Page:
Aortic Stenosis

June 09 23:13 2019 Print This Article

Aortic stenosis is the abnormal narrowing of the aortic valve, which restricts the flow of blood from the ventricle into the aorta. Normally, blood passes from the left lower chamber of the heart, called the left ventricle, through the aortic valve into the main artery of the body, the aorta. If the aortic valve should become stenosed or narrowed, the blood flow through it is reduced and the heart has to work harder to pump blood to the body.

Eventually your heart muscle becomes thicker because it has to pump harder due to the obstruction. In addition, your heart can pump only a limited amount of blood and can’t provide the increase in blood flow you need for activities such as exercise. Several factors, including aging, can damage the aortic valve and lead to aortic valve stenosis. Some babies are even born with a defective aortic valve. If you have severe aortic valve stenosis, you’ll usually need surgery to replace the valve. Left unchecked, aortic valve stenosis can lead to serious heart problems.

Stenosis means narrowing. Aortic stenosis is then a narrowing of the aortic valve or a narrowing of the aorta directly above (supravalvar) or below (subvalvar) the aortic valve. Normally, blood carrying oxygen (oxygenated) enters the left upper chamber (atrium) of the heart. It is then pumped into the lower left chamber (ventricle). The aortic valve opens when the heart contracts to pump blood from the left ventricle into the aorta, the body’s main artery. When the left ventricle relaxes, the aortic valve closes because there is a higher blood pressure within the aorta compared to the ventricle.

In aortic stenosis, the wall of the left ventricle usually thickens because the ventricle must work harder to pump blood through the narrowed valve opening into the aorta. The thickened heart muscle requires an increasing supply of blood from the coronary arteries, and sometimes, especially during exercise, the blood supply does not meet the needs of the heart muscle, and chest pain, fainting, and sometimes sudden death may occur. The heart muscle may also begin to weaken, leading to heart failure. The abnormal aortic valve can rarely become infected by bacteria (infective endocarditis).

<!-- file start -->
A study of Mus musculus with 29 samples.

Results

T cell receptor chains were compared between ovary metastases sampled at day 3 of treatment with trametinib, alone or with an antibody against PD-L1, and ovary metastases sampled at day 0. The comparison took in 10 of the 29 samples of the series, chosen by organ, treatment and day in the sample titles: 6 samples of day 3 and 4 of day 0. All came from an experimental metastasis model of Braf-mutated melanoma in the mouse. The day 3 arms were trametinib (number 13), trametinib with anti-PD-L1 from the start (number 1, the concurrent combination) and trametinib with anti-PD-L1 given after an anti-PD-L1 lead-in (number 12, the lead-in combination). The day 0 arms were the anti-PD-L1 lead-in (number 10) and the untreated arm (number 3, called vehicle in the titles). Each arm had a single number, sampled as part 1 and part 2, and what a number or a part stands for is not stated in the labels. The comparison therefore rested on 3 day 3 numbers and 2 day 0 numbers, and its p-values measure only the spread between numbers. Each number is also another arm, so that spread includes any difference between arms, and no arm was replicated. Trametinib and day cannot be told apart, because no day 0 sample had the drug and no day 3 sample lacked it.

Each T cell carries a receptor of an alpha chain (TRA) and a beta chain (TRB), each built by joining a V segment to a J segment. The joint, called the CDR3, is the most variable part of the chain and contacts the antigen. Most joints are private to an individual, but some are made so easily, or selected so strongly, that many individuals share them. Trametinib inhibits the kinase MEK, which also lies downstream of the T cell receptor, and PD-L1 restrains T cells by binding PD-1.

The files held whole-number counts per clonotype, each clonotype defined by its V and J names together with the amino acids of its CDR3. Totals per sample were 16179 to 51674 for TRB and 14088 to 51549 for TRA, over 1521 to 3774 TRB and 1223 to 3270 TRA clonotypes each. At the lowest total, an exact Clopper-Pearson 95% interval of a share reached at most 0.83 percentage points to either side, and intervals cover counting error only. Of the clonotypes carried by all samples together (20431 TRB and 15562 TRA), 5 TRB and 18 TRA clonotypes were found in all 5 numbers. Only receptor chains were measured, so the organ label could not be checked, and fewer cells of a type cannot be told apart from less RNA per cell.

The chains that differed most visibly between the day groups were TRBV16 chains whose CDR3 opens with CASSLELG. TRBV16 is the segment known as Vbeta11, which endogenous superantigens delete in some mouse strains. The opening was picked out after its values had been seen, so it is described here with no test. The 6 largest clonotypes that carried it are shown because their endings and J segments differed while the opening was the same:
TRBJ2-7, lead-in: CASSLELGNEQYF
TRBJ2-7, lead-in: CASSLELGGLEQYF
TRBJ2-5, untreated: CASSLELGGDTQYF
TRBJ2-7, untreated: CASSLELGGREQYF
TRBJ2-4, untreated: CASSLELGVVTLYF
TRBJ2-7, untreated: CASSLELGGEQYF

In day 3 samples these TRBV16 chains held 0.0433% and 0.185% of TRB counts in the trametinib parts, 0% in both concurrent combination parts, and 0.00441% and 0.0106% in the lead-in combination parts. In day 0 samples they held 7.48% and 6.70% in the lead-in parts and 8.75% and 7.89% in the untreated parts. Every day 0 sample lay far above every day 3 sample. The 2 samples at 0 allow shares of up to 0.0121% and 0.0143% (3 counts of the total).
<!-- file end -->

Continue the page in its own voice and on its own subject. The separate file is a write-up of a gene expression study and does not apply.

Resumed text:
Causes of Aortic Stenosis

Find common causes and risk factors of Aortic Stenosis:

If you have aortic stenosis, you usually have disease of the cusps (or flaps) of the aortic valve. The most common cause of aortic stenosis is age-associated degeneration and calcification of the aortic valve, which often causes symptoms in elderly patients. In the past, this type of degeneration of the valve was most common in patients who had rheumatic fever during childhood. Currently, rheumatic fever is rarely a cause of aortic valve degeneration. About 1-2% of the population is born with only two valve leaflets and, for reasons not yet well understood, is at increased risk for developing aortic stenosis. These patients often develop symptoms between the ages of 40 and 60.

  • A build-up of calcium can stiffen the aortic valve and interfere with its proper functioning. This is the most common cause of aortic stenosis in people aged 70 years and over.
  • Some people are born with minor abnormalities of the aortic valve. Over time, these abnormalities may cause the valve to narrow.
  • A condition that can scar the aortic valve and narrow its opening.

Signs and Symptoms of Aortic Stenosis

The symptoms usually include breathlessness, fainting episodes, and chest pain. In some cases, you may have palpitations or an abnormal heart rhythm such as atrial fibrillation. This may aggravate the symptoms of aortic stenosis. Aortic stenosis does not always cause symptoms immediately, even though the valve can be tight. When the heart begins to fail, symptoms of congestive heart failure can develop including fatigue, weakness, shortness of breath with exercise or at night, and swelling in the ankles. Other symptoms associated with aortic stenosis are angina (chest pain) and fainting upon exertion (syncope). Characteristic signs include a heart murmur heard with a stethoscope.

  • Fainting , weakness , or dizziness with activity
  • Dizziness.
  • Visual problems.
  • Chest pain (angina) or tightness.
  • Heart murmur.
  • Shortness of breath, especially with exertion.
  • Breathlessness.

Treatment for Aortic Stenosis

Treatment may include:

  • Medications to prevent heart failure
  • Surgery.
  • Lifestyle patterns such as maintaining physical activity while avoiding hard physical exercise, control of weight and avoidance of smoking.